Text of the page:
The Error Severity

Errors can have different levels of severity. Based on this severity, you may wish to handle the error in different ways (see my articles on TRY..CATCH). In order to determine the severity of an error, Microsoft SQL has provided the ERROR_SEVERITY() function.

This function takes no argument and returns an integer. Check out this example:

BEGIN TRY
    DECLARE @Number TINYINT,
	    @Result TINYINT

    SET @Number = 252;
    SET @Result = @Number + 20;

    SELECT @Number AS Number, @Result AS Result;
END TRY
BEGIN CATCH
    PRINT N'Error Severity: ' + CAST( ERROR_SEVERITY() AS NVARCHAR(100))
END CATCH

Run this and you should see

Error Severity: 16

If you’re not familiar with the levels of severity, please see this chart provided by Microsoft

Severity level Description
0-9 Informational messages that return status information or report errors that are not severe. The Database Engine does not raise system errors with severities of 0 through 9.
10 Informational messages that return status information or report errors that are not severe. For compatibility reasons, the Database Engine converts severity 10 to severity 0 before returning the error information to the calling application.
11-16 Indicate errors that can be corrected by the user.
11 Indicates that the given object or entity does not exist.
12 A special severity for queries that do not use locking because of special query hints. In some cases, read operations performed by these statements could result in inconsistent data, since locks are not taken to guarantee consistency.
13 Indicates transaction deadlock errors.
14 Indicates security-related errors, such as permission denied.
15 Indicates syntax errors in the Transact-SQL command.
16 Indicates general errors that can be corrected by the user.
17-19 Indicate software errors that cannot be corrected by the user. Inform your system administrator of the problem.
17 Indicates that the statement caused SQL Server to run out of resources (such as memory, locks, or disk space for the database) or to exceed some limit set by the system administrator.
18 Indicates a problem in the Database Engine software, but the statement completes execution, and the connection to the instance of the Database Engine is maintained. The system administrator should be informed every time a message with a severity level of 18 occurs.
19 Indicates that a non-configurable Database Engine limit has been exceeded and the current batch process has been terminated. Error messages with a severity level of 19 or higher stop the execution of the current batch. Severity level 19 errors are rare and must be corrected by the system administrator or your primary support provider. Contact your system administrator when a message with a severity level 19 is raised. Error messages with a severity level from 19 through 25 are written to the error log.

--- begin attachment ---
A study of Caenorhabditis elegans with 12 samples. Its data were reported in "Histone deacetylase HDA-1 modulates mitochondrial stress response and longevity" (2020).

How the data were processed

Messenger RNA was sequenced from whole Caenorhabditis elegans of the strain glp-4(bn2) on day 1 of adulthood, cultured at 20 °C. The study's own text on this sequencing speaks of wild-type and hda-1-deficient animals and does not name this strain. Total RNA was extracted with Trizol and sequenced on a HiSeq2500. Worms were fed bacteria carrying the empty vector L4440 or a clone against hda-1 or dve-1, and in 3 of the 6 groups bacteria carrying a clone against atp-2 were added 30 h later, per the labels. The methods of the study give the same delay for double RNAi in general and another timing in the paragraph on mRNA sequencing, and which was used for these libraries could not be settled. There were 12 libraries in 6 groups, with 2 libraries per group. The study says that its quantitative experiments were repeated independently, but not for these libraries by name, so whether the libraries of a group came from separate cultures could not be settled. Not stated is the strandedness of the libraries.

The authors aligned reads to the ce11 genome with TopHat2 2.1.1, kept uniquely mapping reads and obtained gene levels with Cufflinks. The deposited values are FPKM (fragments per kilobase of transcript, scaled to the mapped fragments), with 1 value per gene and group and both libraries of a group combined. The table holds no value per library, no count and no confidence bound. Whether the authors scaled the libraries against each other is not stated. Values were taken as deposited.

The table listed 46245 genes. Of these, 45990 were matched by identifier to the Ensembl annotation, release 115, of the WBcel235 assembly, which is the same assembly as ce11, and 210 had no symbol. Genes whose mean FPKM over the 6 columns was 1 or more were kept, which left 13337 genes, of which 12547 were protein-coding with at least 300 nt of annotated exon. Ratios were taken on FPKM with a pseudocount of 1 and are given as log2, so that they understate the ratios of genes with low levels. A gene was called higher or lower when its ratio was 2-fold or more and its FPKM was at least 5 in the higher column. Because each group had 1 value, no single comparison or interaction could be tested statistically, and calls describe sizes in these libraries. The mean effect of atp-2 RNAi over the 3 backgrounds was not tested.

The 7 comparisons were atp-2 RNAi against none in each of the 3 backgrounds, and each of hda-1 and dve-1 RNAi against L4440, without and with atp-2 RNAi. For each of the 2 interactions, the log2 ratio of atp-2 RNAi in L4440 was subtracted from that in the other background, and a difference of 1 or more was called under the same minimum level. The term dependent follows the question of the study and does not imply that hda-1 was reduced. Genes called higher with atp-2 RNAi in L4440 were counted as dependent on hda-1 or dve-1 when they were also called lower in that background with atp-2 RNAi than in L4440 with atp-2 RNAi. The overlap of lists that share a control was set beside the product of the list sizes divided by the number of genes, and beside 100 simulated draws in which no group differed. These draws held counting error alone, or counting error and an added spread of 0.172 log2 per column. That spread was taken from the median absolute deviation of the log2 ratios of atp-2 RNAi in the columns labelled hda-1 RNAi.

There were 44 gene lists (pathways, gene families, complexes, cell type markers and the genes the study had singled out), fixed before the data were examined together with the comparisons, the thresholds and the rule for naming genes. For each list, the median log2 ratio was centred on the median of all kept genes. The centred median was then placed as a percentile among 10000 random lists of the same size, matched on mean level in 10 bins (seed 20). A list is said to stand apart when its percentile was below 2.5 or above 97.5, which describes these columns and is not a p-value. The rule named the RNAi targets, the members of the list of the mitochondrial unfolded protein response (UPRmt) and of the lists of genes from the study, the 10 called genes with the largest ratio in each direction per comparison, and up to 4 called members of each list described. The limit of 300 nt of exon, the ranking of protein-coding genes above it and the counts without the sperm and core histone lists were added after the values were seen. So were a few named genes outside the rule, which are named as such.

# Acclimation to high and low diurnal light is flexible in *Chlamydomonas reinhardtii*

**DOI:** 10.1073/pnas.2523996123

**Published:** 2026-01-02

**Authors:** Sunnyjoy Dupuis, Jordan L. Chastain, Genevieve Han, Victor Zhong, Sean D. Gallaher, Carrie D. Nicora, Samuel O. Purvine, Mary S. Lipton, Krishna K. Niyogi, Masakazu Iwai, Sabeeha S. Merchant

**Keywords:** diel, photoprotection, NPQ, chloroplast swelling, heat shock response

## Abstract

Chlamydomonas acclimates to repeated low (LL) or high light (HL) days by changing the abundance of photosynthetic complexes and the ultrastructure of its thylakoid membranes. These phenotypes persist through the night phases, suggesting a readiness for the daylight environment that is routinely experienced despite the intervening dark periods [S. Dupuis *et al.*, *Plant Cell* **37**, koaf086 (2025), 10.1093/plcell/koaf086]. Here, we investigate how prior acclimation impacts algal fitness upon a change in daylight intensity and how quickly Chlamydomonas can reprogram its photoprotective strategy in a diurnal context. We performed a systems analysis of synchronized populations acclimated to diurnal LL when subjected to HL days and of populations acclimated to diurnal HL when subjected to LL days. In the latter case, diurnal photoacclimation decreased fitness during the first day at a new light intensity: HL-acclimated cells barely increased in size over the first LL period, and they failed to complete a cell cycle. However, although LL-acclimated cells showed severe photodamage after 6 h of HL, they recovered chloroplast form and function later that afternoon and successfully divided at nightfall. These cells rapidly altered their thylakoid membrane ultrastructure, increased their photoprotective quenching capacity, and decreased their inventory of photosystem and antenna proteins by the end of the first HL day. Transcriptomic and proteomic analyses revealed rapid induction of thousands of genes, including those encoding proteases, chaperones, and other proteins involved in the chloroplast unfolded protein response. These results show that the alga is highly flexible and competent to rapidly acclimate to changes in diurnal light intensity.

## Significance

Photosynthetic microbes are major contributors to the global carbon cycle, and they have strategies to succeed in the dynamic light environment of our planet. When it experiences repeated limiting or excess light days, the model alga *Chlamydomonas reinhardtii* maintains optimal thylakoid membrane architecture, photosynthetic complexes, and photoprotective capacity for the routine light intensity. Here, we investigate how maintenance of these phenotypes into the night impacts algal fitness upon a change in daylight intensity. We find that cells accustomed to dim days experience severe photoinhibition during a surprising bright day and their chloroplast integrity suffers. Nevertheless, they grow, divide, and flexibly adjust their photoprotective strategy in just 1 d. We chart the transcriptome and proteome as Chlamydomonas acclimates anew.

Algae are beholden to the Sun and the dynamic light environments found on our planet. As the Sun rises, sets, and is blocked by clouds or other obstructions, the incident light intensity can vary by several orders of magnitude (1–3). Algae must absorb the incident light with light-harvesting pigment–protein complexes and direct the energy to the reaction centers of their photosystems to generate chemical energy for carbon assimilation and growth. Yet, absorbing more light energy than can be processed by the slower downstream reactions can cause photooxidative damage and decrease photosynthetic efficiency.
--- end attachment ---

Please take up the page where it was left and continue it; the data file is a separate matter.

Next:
20-25 Indicate system problems and are fatal errors, which means that the Database Engine task that is executing a statement or batch is no longer running. The task records information about what occurred and then terminates. In most cases, the application connection to the instance of the Database Engine may also terminate. If this happens, depending on the problem, the application might not be able to reconnect.

Error messages in this range can affect all of the processes accessing data in the same database and may indicate that a database or object is damaged. Error messages with a severity level from 19 through 25 are written to the error log.

20 Indicates that a statement has encountered a problem. Because the problem has affected only the current task, it is unlikely that the database itself has been damaged.
21 Indicates that a problem has been encountered that affects all tasks in the current database, but it is unlikely that the database itself has been damaged.
22 Indicates that the table or index specified in the message has been damaged by a software or hardware problem.

Severity level 22 errors occur rarely. If one occurs, run DBCC CHECKDB to determine whether other objects in the database are also damaged. The problem might be in the buffer cache only and not on the disk itself. If so, restarting the instance of the Database Engine corrects the problem. To continue working, you must reconnect to the instance of the Database Engine; otherwise, use DBCC to repair the problem. In some cases, you may have to restore the database.

If restarting the instance of the Database Engine does not correct the problem, then the problem is on the disk. Sometimes destroying the object specified in the error message can solve the problem. For example, if the message reports that the instance of the Database Engine has found a row with a length of 0 in a nonclustered index, delete the index and rebuild it.

23 Indicates that the integrity of the entire database is in question because of a hardware or software problem.

Severity level 23 errors occur rarely. If one occurs, run DBCC CHECKDB to determine the extent of the damage. The problem might be in the cache only and not on the disk itself. If so, restarting the instance of the Database Engine corrects the problem. To continue working, you must reconnect to the instance of the Database Engine; otherwise, use DBCC to repair the problem. In some cases, you may have to restore the database.

24 Indicates a media failure. The system administrator may have to restore the database. You may also have to call your hardware vendor.

The value returned by ERROR_SEVERITY() is the input you can use to decide how to react to the error. You could build a handler that switched based on this number. Then simple errors could be ignored, while severe errors could trigger a safe ROLLBACK and report.

If you’d like more details on error handling, please let me know. I’m more than happy to go into whatever level of detail you need to have. I’m here to help!